Donald Trump might have avoided paying federal income taxes for as along as 18 years by writing off an extremely high business loss, a leaked tax document obtained by the New York Times shows.

The 1995 tax document reveal the tax benefits the Republican presidential nominee possibly reaped from the financial mismanagement of casinos in Atlantic City, New Jersey; his attempt to start an airline and his purchase of a large hotel in Manhattan.

The newspaper said tax experts it hired to analyze the three-page document said that tax rules especially advantageous to wealthy people would have allowed Trump legally to use an 916-million-dollar loss to cancel out an equivalent amount of taxable income over an 18-year period.

The New York Times reported late Saturday that it had received the document, which shows Trump declared the 916-million-dollar loss on his 1995 tax filing due to failed business ventures.

Trump's tax documents have been a major issue in the campaign because he has refused to make them public, saying they are under audit by the US tax authority. But there is no law or precedent to preclude their release, and US presidential candidates have done so for several decades.

Trump's critics have accused Trump of refusing the release his tax returns because he is hiding something that could be damaging to his presidential bid.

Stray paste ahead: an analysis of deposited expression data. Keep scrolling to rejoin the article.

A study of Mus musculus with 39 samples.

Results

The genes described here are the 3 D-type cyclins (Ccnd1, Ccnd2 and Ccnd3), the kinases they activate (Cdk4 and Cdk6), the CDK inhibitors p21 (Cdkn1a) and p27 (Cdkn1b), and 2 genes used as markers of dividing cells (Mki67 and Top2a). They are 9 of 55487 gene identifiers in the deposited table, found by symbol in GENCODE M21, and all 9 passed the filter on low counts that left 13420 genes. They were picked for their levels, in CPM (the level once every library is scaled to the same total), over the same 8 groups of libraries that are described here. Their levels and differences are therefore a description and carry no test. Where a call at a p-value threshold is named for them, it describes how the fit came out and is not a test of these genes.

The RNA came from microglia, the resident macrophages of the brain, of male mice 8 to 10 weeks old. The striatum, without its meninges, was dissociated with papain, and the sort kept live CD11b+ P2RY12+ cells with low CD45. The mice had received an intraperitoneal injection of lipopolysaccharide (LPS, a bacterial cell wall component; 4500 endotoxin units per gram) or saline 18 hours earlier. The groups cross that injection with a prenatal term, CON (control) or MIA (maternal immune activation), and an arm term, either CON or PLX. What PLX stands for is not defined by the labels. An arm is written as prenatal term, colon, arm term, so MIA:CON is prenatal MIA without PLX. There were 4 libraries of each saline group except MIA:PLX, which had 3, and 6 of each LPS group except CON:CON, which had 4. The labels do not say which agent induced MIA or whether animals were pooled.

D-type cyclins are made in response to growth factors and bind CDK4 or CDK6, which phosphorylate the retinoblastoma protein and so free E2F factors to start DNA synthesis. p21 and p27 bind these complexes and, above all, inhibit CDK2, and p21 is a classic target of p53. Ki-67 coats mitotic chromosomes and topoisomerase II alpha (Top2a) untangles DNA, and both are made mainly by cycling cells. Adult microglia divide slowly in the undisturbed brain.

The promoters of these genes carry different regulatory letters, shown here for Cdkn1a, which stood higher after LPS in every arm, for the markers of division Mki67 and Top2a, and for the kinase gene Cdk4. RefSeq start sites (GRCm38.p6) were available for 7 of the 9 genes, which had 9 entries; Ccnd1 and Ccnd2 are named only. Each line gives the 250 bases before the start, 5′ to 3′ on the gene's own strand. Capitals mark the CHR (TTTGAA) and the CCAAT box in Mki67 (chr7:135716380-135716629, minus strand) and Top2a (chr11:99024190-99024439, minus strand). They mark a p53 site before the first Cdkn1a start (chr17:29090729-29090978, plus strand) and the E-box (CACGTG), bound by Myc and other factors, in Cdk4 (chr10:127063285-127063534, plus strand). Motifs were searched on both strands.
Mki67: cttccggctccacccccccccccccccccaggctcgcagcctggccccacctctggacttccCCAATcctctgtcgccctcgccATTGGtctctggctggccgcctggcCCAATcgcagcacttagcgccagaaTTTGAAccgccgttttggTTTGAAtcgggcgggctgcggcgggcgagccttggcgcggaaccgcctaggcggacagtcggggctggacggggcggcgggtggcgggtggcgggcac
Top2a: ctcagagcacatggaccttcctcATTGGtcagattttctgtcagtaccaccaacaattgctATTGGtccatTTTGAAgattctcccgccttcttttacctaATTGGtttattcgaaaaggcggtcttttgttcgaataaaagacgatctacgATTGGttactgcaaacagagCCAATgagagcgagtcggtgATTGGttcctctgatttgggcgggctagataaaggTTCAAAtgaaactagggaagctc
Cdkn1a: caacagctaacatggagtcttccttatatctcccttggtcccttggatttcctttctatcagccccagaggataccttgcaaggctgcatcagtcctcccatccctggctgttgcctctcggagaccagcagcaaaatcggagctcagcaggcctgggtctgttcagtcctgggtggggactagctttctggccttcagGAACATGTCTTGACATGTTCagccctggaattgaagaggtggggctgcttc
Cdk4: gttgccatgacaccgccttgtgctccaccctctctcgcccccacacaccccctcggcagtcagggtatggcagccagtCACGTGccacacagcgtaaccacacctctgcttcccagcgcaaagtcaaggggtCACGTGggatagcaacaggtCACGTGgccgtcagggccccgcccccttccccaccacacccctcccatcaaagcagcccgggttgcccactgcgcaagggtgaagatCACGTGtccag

At their first debate last week Democratic nominee Hillary Clinton speculated he was not releasing them because they could reveal "he's not as rich" or "charitable as he claims."

She also said that they might show "he's paid nothing in federal taxes," to which Trump interjected: "That would make me smart."

A Trump campaign statement said the Times had illegally obtained the document, but it neither challenged nor confirmed the authenticity of the document.

"Trump is a highly skilled businessman who has a fiduciary responsibility to his business, his family and his employees to pay no more tax than legally required," the statement said.

It said Trump had paid hundreds of millions of dollars in other taxes over the years. These include property taxes, sales and excise taxes, real estate taxes, city taxes, state taxes, employee taxes and federal taxes.

"Trump knows the tax code far better than anyone who has ever run for president, and he is the only one that knows how to fix it," the statement said.

It added that the skills Trump has shown in building his business "are the skills we need to rebuild this country," while Clinton is a "corrupt public official who violated federal law" by using a private email server while she was secretary of state.

The publication of the document further demonstrated that the New York Times is an "extension" of the Clinton campaign, the statement said.

Clinton's campaign said the report "reveals the colossal nature of Donald Trump's past business failures." The statement, posted on Facebook, said Trump "apparently got to avoid paying taxes for nearly two decades—while tens of millions of working families paid theirs."

The campaign also posted a mock "tax calculator" Sunday at her website to draw attention to the New York Times report. It purports to calculate how much a person would pay in taxes if they paid the same as Trump, but any salary submitted results in a tax bill of zero.